ELKHART — More Elkhart County residents died from COVID-19 in October than in any previous month.
According to the Indiana State Department of Health, at least 36 Elkhart County residents died from COVID-19 in October. Previously, the most deadly month had been July, with its 31 COVID-19 deaths. But as the number of cases has surged since September, COVID-19 deaths have also grown more regular. Since deaths tend to happen weeks after people are infected, and the number of infections shows no signs of slowing down, deaths could well become even more regular, health experts believe. Since reports of deaths can be delayed by several days, it is possible that the death tally for October will grow.
Between 2015 and 2019, Elkhart County had an average of 1,833 total deaths per year. With two months left of 2020, the county’s 152 COVID-19 deaths now account for 8.3 percent of the normal number of deaths in a year. Elkhart County Health Department data show 2020 is on course to have more deaths than any of the previous five years.
Hospital staff getting sick
The effects of the worsening outbreak are felt at local hospitals, where overworked staff members are getting sick and being forced to quarantine, decreasing the hospitals’ ability to offer care while the demand for COVID-19 beds is growing.
Elkhart County hospitals totaled 92 COVID-19 inpatients Monday, with 32 at Goshen Hospital and 60 at Elkhart General. There have never been more new cases per day in the county than now, as the seven-day average for cases per day sets a new record on an almost daily basis. As of Sunday, the average is 179 new cases per day, more than twice the highest point during the first wave in June, which was 78.
That kind of community spread increases the chances of hospital staff members getting sick, officials with both hospitals have said. Goshen Hospital chief medical officer and infectious disease specialist Dr. Dan Nafziger urged the community to take the virus more seriously.
“Colleagues are being exposed to COVID-19 in the community and are testing positive or needing to quarantine because they’ve been around someone who tested positive. This is causing concerning staff shortages in the hospital as well as our other healthcare offices. It is a real problem.
“Please reduce the nonessential time you are out in public – at work, school, church or shopping. We appreciate everything you do to protect yourself and your loved ones, as well as our healthcare professionals, from contracting the virus. Smaller gatherings at home with family and friends are also spreading the virus,” Nafziger said.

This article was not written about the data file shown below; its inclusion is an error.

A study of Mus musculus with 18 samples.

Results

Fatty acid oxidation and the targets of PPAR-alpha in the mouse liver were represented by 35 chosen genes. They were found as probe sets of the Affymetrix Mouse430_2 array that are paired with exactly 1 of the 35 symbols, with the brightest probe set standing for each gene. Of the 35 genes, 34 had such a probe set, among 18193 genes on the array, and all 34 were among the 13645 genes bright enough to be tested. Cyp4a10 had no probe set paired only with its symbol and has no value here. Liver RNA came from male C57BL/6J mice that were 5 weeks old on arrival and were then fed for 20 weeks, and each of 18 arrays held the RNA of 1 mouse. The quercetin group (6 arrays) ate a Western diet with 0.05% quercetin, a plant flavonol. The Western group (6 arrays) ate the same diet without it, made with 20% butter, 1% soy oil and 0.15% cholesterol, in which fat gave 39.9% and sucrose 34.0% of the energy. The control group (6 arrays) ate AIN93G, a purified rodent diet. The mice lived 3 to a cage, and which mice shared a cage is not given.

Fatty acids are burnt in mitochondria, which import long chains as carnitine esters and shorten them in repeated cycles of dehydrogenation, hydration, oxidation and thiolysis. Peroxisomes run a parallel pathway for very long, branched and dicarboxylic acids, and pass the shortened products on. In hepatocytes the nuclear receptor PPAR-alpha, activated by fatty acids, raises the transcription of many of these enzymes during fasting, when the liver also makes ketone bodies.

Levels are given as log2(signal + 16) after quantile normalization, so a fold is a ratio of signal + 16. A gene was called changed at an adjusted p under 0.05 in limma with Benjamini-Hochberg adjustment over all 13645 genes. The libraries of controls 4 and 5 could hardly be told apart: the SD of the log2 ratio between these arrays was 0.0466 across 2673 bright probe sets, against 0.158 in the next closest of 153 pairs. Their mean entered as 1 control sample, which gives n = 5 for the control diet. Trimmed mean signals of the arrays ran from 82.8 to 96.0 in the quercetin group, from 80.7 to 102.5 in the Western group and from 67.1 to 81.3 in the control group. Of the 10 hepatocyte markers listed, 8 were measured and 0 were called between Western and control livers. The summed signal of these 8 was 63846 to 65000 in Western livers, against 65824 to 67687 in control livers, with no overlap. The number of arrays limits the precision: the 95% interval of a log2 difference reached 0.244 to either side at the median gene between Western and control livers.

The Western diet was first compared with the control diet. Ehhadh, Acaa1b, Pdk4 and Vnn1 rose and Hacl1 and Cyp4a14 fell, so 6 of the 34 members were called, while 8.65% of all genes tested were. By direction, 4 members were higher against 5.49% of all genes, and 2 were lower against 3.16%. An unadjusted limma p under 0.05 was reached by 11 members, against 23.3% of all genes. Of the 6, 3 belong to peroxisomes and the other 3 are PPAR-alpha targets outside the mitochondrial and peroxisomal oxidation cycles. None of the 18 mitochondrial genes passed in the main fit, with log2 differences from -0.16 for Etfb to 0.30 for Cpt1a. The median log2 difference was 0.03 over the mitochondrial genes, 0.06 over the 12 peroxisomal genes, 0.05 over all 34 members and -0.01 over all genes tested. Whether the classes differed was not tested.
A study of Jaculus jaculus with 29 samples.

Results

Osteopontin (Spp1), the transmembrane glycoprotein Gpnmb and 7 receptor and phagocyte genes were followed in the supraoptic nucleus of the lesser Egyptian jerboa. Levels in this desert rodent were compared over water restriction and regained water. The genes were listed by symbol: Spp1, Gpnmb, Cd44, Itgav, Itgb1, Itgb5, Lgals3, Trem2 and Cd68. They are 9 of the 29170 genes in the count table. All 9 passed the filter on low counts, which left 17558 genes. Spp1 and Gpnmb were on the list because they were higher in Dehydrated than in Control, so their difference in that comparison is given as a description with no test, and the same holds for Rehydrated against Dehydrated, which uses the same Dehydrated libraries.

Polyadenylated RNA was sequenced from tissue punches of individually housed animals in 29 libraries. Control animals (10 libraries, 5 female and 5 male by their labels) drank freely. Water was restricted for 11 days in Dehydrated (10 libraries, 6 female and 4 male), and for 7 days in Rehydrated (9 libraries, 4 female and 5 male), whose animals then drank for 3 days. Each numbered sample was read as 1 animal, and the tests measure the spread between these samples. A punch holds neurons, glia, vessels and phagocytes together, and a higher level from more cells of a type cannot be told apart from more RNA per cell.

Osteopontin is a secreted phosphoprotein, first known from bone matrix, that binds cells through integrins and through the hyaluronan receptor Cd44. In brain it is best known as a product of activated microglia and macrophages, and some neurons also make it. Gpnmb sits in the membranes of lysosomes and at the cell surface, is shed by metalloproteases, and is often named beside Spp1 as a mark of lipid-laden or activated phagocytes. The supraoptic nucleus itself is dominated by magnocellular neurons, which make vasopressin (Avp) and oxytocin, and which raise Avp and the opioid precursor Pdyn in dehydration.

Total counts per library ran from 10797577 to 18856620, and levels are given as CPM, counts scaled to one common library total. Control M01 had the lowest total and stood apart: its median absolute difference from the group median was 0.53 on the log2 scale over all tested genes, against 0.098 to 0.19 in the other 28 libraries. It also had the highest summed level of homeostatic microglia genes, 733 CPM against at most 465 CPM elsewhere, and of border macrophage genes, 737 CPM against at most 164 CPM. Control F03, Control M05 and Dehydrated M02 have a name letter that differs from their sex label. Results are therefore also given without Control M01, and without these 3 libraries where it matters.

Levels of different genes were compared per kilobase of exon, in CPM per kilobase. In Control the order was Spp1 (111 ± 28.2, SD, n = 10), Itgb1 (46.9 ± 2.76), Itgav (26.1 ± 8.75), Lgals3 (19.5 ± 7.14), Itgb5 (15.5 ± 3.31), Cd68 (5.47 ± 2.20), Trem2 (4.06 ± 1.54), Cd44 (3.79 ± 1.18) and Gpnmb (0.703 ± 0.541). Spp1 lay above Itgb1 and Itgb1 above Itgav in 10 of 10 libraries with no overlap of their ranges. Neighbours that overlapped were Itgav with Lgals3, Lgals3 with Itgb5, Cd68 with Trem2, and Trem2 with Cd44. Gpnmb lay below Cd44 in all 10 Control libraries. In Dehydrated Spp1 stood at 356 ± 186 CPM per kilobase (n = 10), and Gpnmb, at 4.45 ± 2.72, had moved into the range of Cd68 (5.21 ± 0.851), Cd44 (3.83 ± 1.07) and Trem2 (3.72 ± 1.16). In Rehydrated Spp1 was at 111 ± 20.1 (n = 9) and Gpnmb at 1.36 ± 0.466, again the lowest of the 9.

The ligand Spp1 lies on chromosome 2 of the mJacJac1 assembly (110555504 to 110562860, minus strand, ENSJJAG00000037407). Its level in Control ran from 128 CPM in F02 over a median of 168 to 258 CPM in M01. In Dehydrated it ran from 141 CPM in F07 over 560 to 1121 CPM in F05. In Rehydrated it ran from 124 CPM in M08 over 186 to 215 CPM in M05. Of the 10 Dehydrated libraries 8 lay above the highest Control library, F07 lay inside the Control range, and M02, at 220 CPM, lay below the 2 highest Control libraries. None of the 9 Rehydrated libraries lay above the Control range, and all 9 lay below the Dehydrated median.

The number of new cases per day is more than six times higher than on Sept. 10, when the outbreak hit its most recent low point with a seven-day average of 28 cases per day. The number then began to steadily increase, reaching an average of 51 per day by Oct. 5, before skyrocketing to the new record of 179 per day Sunday.
It is not just cases setting new records. At an average of 1,059 per day, more tests are now being performed in Elkhart County than ever before. In fact, almost twice as many tests are being done per day compared to the worst parts of the first wave. However, that is a result of individuals getting tested more times, not of more individuals getting tested. The average number of individuals tested per day was 426 as of Oct. 26, which is the most recent date with non-preliminary data. The average hit 467 during the worst part of the first wave. In other words, the spike in cases cannot be explained by the spike in testing.
The seven-day average positive test rate was 11.3 percent on Oct. 26, almost twice what it had been a month earlier, but below the high of 15.4 percent that was recorded in April. The current seven-day average for Indiana is 8.2 percent.
The average positivity rate for individuals, however, hit a new record at 26 percent as of Oct. 26. It had largely been around 11 percent to 13 percent between late July and late September. The high during the first wave was 23 percent. The current seven-day average for Indiana is 15.9 percent
There has been a total of 10,505 confirmed cases of COVID-19 among Elkhart County residents. An estimated 6,790 people have recovered from COVID-19, according to Indianapolis-based Regenstrief Institute. The estimate is created by calculating the number of individuals who tested positive more than 21 days ago and have not been hospitalized, plus individuals who tested positive more than 21 days ago and were hospitalized and have been discharged for a least seven days, minus the number of deaths reported by the Indiana State Department of Health.
On Monday, 3,080 new cases of COVID-19 were reported statewide, moving the state’s seven-day average to 2,960. The state has now had a total of 185,185 cases.
Twenty-six new deaths were reported statewide Monday, making the state’s total 4,150.